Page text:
December 5, 2018

The holidays with their promising cornucopia of delicious food are fast approaching. Perhaps some of us might be already worrying about over-indulging. How much we eat around the holidays, however, is not the problem. Most humans overeat on occasion when dining with friends and family. Further, most of us at some point in life feel somewhat concerned about the way we eat or about changes in our weight or appearance. It is when the concern leads to eating as a strategy of avoidance or when it becomes the number-one coping mechanism that we must pause and examine if we indeed have a grave problem or, in the least, where the hunger is really coming from. Emotional eating behaviors often are attempts to numb suffering.

Emotional Eating
Emotional eating is the ingestion of food to feel good and to avoid experiencing undesirable emotions. When lonely and depressed, some might reach for a cold and creamy ice cream. Others might seek bread or wine after a stressful day. Occasionally using food to alleviate an aching spirit or a tired body is not necessarily a problem. We all have a particular food that we crave and reach out to when comfort is needed. The problem begins when food becomes the main coping mechanism in moments of boredom, anger, exhaustion, frustration or any other emotion. This form of stress hunger is often confused or experienced as physical hunger and could lead to over-eating as a calming recourse.

The problem we face is that there is absolutely no food that can satisfy emotional hunger. Consuming our favorite food may feel momentarily good, but the emotion that triggers the impulse remains unaffected by the ingested food. The compulsion to feed emotions can lead to the consumption of more food, then feeling anxious about eating, then eating more because of the anxiety, generating overeating and consequential guilt and thus a sense of being out of control.

Mindful Awareness
A mindful awareness of our behaviors around eating, both observable and non-observable, could lead to psychological flexibility or the ability to accept things for what they are while making a commitment to taking actions that are aligned with what is most important or valuable to us. A healthy alternative to emotional hunger is to use its power and presence as a bell calling us to mindfulness, an awareness, an invitation to re-engage in activities that are more aligned with what is important to us. A mindful awareness can lead to making positive changes centered around a commitment to healthy living.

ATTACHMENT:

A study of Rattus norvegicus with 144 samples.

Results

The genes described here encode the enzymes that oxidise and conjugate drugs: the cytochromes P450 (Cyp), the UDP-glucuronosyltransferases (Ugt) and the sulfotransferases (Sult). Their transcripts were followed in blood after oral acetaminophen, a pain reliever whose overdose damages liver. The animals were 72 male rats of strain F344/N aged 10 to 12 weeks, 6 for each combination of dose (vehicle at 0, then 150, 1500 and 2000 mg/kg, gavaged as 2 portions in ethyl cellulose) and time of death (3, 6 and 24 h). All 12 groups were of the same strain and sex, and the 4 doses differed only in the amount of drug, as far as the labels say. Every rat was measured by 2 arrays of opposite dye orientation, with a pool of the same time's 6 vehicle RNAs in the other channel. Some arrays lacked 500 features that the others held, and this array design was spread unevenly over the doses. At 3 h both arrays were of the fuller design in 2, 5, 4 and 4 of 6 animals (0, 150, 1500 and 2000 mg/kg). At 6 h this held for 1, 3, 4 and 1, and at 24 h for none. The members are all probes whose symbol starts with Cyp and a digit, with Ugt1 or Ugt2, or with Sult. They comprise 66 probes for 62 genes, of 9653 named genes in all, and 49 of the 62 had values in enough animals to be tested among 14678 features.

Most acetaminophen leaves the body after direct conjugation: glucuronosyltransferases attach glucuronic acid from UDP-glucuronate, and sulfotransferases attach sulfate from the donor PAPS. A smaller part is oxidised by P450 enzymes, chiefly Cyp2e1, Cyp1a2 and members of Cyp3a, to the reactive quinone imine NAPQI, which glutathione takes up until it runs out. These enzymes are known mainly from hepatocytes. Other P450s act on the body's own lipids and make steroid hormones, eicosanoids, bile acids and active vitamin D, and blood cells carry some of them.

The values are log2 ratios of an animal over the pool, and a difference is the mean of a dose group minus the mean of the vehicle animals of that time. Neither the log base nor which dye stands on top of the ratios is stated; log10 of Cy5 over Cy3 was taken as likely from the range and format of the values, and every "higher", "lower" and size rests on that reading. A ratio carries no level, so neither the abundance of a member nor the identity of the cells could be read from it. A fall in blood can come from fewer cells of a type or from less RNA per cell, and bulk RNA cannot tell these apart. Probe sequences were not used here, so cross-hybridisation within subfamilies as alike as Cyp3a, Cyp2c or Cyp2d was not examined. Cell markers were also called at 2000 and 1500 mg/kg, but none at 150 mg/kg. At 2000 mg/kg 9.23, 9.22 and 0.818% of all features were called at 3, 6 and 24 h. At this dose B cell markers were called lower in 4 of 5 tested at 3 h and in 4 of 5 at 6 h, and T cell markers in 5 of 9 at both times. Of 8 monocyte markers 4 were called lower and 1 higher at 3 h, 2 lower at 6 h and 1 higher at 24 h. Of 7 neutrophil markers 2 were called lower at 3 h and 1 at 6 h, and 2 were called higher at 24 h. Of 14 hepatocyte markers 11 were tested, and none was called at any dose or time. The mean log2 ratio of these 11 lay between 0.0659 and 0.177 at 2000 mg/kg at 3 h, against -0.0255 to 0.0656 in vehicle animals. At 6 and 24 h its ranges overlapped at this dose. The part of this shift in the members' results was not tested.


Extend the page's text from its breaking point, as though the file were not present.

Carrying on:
An ongoing mindful eating practice gives us clues to differentiate between emotional and physical hunger. Such attention and discernment could prevent emotional eating from taking over our life. For instance, a sudden attack of hunger for specific foods is most likely to be emotional hunger since physical hunger tends to show gradually and not as a sudden attack. Another sign is that emotional hunger is experienced as a bottomless barrel; we tend to keep eating even after being full. With physical hunger, on the other hand, we know when we reach a point of satiation.

Perhaps the most salient indicator of emotional hunger is its location, the head, as it is most likely made of thoughts and not the usual pang in the stomach we experience with physical hunger. Emotional hunger sets in the mind and obsesses on textures, tastes and very specific scents. Mindful Eating, as conceived by Dr. J. Chozen Bays leads to conscious living. Mindfulness enables us to be aware of situations, places, or feelings which lead to mindless eating. If we turn our emotional eating into a bell of mindfulness that calls us to the present moment and to the choices we are making, we are practicing both mindful eating, and self-compassion.

The following are four important clues for a healthier relationship with eating:

  1. Free your emotions: Food ingestion could easily be a way to “stuff down” undesirable emotions, such as fear, anger, anxiety, loneliness, guilt and resentment. However, using food to numb emotions deprives us from getting in touch with the cause of the emotion and from accepting and adjusting to what is bothering us. Recognition, commitment, and action-taking are ways to free an emotion so we don’t eat it.
  2. Find Purpose: When you seek out your comfort food, ask yourself, is it physical hunger, boredom or emptiness? Be conscious of your use of food to fill up an unfulfilled desire or a sense of emptiness. Don’t turn food into a way to fill up either time or your mouth. Once you discover the emotion, use the awareness to find a purposeful long-lasting solution to the need.
  3. Understand the history behind the hunger: Look back to your childhood. What foods were used to reward/punish you? Ice cream for good grades? Sweets to soothe your aches and pains? Have you continued to play out the same rituals? If that is the case, what are you willing to do to turn the rituals into workable value-driven ones?
  4. Let social gatherings guide you: Gathering around the table with loved ones is a stress reliever. It can also lead to overeating. It’s easy to overindulge while the attention is centered around conversations and people. It is also easier to eat just because the food is available. Ask yourself, am I uncomfortable or anxious right now? Am I eating out of discomfort? Be mindful of your actions and always check with your value system in order to make decisions that are aligned with it.

Submitted by Marianela Medrano, PhD, LPC, owner and principle trainer at: Palabra Counseling & Training Center, LLC, a holistic psychotherapeutic and training center, with offices in Stamford and New Haven.